American culture is rampant here, from the food to clothing to music. It makes me proud, but the culture portrayed is an idealized and stereotyped culture. The phrases and icons on clothes make me proud that people want to be like us, but at the end of the day it’s not authentic and I’m worried manufacturers are portraying this inaccurate representation of daily life in the US. Life in America isn’t all Mickey Mouse and hamburgers, and everyone doesn’t live in New York City. Still, that’s why I’m here, to introduce the realities and give everyone a flesh and blood example of how diverse and complicated life can be in this be-all foreign country.
*To preface, I live in the province of Málaga in southern Spain, so I can’t speak for more central locations.
While clothing and food is more or less stereotyped, music is a different story. American music is everywhere, and I love walking into the grocery store and stopping in my tracks because I hear Shallow. Seriously, Shallow. More shocking is how no one joined Lady Gaga in her rifs.
I’ve been battling whether I should share these stories, but after today’s spin class I have to. Classes are infiltrated with iconic songs (good and bad), and it’s beautiful proof of the reach we have in the States to influence popular culture globally.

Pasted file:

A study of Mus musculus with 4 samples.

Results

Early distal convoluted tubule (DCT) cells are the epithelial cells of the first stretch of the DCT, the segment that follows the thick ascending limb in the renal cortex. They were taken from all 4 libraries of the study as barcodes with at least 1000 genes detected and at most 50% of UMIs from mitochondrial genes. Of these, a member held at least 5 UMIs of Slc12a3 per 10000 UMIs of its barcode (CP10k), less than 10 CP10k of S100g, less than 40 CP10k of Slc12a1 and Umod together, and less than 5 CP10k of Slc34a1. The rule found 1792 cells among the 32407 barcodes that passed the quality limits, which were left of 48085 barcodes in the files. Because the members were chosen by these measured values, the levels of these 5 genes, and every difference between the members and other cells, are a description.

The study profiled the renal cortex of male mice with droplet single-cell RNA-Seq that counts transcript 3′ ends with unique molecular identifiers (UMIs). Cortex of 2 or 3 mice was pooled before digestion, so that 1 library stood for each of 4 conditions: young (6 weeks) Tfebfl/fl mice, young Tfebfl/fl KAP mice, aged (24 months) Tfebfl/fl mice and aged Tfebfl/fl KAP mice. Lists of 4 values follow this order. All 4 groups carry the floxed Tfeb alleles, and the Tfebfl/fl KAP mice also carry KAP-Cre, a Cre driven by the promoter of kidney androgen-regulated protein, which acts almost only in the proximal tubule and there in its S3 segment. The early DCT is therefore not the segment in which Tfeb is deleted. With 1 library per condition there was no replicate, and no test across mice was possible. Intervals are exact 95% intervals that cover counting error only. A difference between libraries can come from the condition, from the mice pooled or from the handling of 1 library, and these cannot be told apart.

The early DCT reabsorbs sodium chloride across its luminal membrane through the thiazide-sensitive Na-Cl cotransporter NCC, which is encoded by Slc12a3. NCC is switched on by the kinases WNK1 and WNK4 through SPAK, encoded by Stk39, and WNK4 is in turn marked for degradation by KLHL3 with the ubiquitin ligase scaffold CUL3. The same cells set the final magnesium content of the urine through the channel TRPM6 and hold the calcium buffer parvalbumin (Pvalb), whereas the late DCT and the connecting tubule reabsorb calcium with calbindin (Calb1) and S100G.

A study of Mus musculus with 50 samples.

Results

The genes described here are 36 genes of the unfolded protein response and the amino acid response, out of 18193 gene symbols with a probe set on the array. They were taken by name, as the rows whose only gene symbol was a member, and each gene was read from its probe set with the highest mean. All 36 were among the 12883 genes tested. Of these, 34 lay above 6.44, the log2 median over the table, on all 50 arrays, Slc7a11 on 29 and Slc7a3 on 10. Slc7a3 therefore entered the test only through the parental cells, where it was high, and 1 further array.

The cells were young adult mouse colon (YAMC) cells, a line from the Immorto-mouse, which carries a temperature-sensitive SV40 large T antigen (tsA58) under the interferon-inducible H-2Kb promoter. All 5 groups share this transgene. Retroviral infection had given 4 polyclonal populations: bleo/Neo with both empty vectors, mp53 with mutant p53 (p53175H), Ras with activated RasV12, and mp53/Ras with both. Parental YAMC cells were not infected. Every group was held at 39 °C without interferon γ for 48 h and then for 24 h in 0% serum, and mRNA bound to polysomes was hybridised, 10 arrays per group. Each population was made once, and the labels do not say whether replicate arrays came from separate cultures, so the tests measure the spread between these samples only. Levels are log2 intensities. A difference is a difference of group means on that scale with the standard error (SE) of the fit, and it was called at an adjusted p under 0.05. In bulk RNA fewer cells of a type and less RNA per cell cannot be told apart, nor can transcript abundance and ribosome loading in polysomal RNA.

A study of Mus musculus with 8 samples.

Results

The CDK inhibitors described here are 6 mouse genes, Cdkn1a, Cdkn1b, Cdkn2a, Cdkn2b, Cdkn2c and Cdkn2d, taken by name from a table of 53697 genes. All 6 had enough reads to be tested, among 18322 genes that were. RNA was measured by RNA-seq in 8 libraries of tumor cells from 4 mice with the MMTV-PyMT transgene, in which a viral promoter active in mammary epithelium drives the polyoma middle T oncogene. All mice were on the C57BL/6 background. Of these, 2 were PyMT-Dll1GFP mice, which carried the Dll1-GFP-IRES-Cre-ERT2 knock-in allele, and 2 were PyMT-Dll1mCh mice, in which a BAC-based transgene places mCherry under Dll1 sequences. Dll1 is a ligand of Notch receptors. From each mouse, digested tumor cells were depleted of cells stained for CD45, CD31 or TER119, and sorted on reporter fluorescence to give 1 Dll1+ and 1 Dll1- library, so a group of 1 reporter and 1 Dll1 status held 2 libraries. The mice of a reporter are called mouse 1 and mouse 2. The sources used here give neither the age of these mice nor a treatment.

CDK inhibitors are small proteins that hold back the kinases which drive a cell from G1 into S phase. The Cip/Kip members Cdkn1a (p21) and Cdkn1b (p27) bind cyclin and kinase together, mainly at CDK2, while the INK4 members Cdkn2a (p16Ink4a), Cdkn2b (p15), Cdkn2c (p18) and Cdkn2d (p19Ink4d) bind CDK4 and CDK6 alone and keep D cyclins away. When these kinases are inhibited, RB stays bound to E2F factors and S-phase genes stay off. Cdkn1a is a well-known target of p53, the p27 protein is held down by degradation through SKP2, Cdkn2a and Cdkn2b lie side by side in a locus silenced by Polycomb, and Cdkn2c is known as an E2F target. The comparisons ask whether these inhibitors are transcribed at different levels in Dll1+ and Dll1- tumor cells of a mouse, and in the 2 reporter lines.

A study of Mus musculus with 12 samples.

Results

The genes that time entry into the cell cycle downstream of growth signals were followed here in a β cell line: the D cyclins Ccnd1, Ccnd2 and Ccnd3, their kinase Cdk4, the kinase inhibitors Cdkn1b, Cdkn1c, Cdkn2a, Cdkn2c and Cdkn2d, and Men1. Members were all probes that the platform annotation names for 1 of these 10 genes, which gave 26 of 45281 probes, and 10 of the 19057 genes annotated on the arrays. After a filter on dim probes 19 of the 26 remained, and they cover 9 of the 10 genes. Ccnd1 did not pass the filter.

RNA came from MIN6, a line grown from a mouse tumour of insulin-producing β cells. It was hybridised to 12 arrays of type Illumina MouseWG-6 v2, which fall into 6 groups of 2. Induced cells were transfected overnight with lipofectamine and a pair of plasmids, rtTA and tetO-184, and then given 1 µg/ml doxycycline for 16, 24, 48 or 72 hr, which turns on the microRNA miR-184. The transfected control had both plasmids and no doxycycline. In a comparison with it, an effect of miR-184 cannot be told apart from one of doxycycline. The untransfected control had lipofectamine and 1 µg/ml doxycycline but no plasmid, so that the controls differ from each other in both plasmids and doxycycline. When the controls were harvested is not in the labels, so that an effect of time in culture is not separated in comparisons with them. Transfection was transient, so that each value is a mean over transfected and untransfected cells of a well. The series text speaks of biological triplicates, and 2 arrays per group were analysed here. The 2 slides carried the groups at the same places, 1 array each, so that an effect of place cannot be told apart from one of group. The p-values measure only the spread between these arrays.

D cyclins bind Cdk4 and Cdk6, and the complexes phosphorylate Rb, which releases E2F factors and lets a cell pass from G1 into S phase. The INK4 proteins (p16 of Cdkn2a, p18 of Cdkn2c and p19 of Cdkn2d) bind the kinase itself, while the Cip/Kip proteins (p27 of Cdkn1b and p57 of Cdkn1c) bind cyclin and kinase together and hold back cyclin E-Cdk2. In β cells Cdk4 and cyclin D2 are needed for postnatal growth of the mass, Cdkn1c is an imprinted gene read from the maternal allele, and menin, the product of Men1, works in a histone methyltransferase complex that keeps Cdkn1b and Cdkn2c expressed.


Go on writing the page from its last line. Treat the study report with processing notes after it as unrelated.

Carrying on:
Gym classes in Spain are hilarious. There’s always two or three people - especially in spin - who are pros. They have the towels, the custom shoes, the bike shorts, and it’s their job to get everyone else in class pumped up. When we go into third position, it’s time to whistle. When we start to climb a big hill, it’s time for them to look around the class, bob their head, and inspire us with their barred teeth and locked eyes. When we hit our peak, it’s time to scream.
This is not what I want out of a gym class. I want to struggle along for 45 minutes to an hour, and leave feeling incrementally better.
As it turns out, the Spanish way of working out is infectious, and I nearly cheered today.
Moments of cultural difference are everywhere, small and large, and the more you lean into them, the better off you’ll be. A way to describe moving abroad is becoming made of rubber. You have your live in your home country, full of traditions, routines, normalcy. You know what to expect most of the time, it’s all pretty rigid, stayed. When you move abroad, you need to become more flexible. Basic actions like greeting people, waiting in line, or working out, are reexamined through a new lense, because you need to consider whether to adopt the intricacies of this new country’s traditions and routines. In this case, being flexible means cheering and smiling during workouts. Not too strenuous.
The other best part of Spanish spin class is the music. I’ve gone to five classes, and during every single one I have been shocked and amazed at the American song choices. I laugh, and am proud that Spain loves our music, however out of place it seems in at the time. After every class I have written down all of the songs I could remember, and here they are. This is going to be maintained as a live blog, so you can check back over the next few months and see what else I’ve been sweating to.